Institute of Art Design + Technology
Dún Laoghaire

Cathal Coughlan 

BA [Hons] Interaction + User Experience Design

Hey! My name is Cathal Coughlan and I am passionate about creating enjoyable experiences. Designing for both people and the planet is important to me and I like to explore and create ways that help to benefit both as major stakeholders in my projects, but in a way that doesn’t detract from either. This project was all about trying to change people’s behaviours by introducing fun and gamification into a rather boring and tedious task, managing your food waste.

Perish - Project Description

In Ireland 30% of all food waste comes from households. This is the largest percentage of waste producers and potentially the easiest to make a difference in as I believe changing people’s attitudes and behaviours will have a more immediate effect then trying to change institutions that have been in place for decades and that would require a long political and legal struggle to make any difference.
I aim to change the behaviours of consumers to help lower the average percentage of household waste to lower the environmental impact we are having on the planet.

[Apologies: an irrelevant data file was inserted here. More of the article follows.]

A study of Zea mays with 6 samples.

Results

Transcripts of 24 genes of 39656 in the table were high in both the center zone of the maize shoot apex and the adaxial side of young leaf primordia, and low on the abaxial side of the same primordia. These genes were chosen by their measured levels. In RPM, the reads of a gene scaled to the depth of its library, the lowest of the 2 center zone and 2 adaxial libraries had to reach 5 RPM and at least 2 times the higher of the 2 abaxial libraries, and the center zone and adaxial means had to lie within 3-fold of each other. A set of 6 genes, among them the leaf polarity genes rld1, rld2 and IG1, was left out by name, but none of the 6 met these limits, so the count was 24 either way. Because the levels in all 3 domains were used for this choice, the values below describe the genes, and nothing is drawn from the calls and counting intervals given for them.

Using gamification and emotional design I want to get people invested in their own food waste and give them the tools to lower or eradicate their food waste.

The impact of hostile architecture on the public sphere in urban spaces.

In my thesis I discuss the history and origins of the public sphere and how it came to fruition during the 18th and 19th century through its beginnings around the time of the French revolution, and its downfall in the 20th century with the introduction of mass media and advertising that fuelled peoples newfound desire for mass consumerism. Parallel to the development of the public sphere new methods of control and surveillance were being developed through innovations in areas such as the prison i.e. The Panopticon model. This was a major milestone in the design of hostile architecture, and it would go on to influence future designs of urban public spaces and buildings, having implicit and explicit hostility built into the spaces. Which would contribute to the further downfall of the idealist “public sphere”.